SANTA FE, N.M. (AP) — New Mexico’s attorney general is accusing a company that recruits immigrant teachers from the Philippines to work at public schools of charging exorbitant fees and using deceptive financial tactics, according to a lawsuit announced Tuesday.
The lawsuit was filed with a state district court in Albuquerque against Total Teaching Solutions International and CEO Janice Bickert of Ruidoso, alleging exorbitant fees to place Filipino teachers in schools on work visas.
The suit accuses the company and Bickert of violations under the state unfair practices act. It seeks a permanent restraining order against the company, financial restitution to immigrant teachers, fines of $5,000 per violation and damages.
Bickert and company officials could not be reached immediately for comment.
Attorney General Hector Balderas said in a statement that the lawsuit is necessary amid a teacher shortage to stop predatory business practices against immigrants.
The suit says the company subjected immigrant teachers to fees of $15,000 for placement services on average, when other companies provided identical services for about $4,000.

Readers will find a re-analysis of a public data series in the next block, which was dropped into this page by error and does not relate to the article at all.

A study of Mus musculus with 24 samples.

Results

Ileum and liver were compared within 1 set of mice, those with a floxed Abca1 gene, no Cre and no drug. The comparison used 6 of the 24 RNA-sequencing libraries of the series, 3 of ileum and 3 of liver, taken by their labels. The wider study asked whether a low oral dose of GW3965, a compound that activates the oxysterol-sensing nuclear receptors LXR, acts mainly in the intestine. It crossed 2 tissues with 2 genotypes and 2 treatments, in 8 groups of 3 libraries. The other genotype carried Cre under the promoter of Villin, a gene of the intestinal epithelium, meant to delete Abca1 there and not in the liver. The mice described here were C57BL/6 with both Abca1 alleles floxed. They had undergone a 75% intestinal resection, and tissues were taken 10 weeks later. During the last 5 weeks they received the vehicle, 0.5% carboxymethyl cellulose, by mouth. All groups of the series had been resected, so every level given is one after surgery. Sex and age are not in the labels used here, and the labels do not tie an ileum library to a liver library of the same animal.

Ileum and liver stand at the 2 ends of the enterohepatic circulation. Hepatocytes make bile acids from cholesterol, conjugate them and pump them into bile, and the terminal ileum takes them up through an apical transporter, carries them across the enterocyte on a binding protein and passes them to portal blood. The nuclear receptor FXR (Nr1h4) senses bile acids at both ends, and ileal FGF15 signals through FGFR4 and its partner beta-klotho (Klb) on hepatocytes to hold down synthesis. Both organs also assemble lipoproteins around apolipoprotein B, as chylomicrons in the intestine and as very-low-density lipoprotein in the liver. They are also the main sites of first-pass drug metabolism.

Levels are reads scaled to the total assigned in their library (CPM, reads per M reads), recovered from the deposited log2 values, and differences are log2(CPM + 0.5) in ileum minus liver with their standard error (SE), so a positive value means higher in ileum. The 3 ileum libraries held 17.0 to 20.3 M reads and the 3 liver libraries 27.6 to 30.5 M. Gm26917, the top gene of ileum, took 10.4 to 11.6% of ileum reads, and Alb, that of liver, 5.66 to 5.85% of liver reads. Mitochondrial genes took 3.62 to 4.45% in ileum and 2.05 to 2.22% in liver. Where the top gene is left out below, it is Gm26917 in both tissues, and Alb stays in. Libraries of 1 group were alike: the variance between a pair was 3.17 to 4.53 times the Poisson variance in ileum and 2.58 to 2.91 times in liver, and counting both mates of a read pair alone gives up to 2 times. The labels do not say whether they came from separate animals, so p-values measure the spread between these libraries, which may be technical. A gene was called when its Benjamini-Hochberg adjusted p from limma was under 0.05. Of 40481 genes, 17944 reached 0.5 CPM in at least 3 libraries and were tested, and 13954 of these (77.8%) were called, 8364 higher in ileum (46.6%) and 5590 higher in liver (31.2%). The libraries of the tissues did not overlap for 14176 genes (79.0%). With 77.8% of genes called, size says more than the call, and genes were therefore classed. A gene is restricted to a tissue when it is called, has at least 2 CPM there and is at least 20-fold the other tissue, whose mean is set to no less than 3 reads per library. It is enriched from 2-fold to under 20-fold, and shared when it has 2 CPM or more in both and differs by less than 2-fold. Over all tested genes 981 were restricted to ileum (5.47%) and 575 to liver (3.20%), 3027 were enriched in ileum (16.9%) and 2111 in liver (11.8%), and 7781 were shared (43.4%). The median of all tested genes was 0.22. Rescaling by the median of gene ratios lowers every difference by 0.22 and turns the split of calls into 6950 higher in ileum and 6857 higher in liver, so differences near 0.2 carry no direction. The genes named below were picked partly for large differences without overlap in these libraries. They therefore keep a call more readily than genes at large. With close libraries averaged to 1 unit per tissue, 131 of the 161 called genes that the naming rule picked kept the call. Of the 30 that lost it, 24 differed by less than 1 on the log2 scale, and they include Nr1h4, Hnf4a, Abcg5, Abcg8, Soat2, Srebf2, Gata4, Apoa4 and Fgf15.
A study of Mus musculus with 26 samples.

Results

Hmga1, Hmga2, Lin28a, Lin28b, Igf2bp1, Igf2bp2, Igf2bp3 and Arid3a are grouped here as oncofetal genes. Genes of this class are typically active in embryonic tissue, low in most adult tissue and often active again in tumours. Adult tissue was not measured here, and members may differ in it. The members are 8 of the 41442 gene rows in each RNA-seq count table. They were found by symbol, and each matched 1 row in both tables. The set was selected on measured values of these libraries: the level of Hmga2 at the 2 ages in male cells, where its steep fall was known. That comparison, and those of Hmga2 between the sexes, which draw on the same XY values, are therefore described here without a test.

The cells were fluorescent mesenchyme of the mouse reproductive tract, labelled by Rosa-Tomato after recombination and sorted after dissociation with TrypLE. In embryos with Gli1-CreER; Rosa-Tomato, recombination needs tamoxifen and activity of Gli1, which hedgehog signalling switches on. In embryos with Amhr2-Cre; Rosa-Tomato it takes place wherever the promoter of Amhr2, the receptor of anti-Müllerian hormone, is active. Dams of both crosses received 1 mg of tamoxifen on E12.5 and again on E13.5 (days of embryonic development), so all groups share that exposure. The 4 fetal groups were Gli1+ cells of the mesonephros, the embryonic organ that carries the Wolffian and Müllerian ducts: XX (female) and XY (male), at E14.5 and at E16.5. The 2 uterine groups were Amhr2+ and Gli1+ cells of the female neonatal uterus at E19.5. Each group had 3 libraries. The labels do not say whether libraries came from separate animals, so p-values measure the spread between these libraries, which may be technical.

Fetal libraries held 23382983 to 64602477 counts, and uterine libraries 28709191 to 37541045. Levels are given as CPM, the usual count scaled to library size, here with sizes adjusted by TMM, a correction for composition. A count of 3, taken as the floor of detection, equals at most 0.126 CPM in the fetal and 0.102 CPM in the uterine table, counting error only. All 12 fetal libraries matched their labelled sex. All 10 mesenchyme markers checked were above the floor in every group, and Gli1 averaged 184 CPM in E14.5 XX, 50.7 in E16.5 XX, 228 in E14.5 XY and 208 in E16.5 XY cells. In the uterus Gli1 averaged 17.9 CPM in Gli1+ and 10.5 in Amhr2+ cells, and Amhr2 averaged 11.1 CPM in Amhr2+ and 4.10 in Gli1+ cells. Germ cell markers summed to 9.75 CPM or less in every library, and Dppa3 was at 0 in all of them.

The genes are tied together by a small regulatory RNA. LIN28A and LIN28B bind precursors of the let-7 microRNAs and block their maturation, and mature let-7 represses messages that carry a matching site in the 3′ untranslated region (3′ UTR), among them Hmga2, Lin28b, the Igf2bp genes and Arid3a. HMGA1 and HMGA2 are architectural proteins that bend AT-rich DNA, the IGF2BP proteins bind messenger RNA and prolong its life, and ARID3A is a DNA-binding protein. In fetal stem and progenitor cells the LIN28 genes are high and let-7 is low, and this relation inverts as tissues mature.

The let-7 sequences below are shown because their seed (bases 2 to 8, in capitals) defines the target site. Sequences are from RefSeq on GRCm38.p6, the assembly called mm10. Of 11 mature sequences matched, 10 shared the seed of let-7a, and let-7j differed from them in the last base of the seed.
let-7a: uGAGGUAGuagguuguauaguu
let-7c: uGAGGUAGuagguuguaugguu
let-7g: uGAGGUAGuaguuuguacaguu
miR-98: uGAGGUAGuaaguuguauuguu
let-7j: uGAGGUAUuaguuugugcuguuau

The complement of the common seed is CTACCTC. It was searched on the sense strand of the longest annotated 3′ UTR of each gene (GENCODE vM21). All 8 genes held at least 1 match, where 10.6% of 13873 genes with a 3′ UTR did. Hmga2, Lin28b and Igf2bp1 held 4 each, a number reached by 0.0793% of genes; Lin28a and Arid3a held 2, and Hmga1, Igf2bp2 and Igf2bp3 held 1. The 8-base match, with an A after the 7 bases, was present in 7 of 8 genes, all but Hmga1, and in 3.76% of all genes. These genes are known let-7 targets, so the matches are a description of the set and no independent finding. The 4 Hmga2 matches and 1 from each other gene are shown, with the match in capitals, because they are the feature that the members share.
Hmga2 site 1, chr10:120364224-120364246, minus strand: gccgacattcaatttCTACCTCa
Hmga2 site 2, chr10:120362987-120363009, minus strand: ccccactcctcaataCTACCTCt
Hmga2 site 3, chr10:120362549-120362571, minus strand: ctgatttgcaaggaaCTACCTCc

“Once in the United States, teachers are forced to pay previously undisclosed additional fees, placement fees, or sign additional refinancing contracts,” the lawsuit states. “Teachers who are unable to pay the required installment of around $400 per month are subject to late fees.”
The company filed lawsuits in 2019 against eight teachers, alleging breach of contract, in cases set for trials before juries.
The lawsuit also alleges that Filipino job applicants signed financing agreements without knowledge of their future salaries.
The lawsuit also says the recruitment company may have relied on Janice Bickert’s husband, George Bickert, in his position as the superintendent of Ruidoso’s public school district to “create legitimacy” for the company.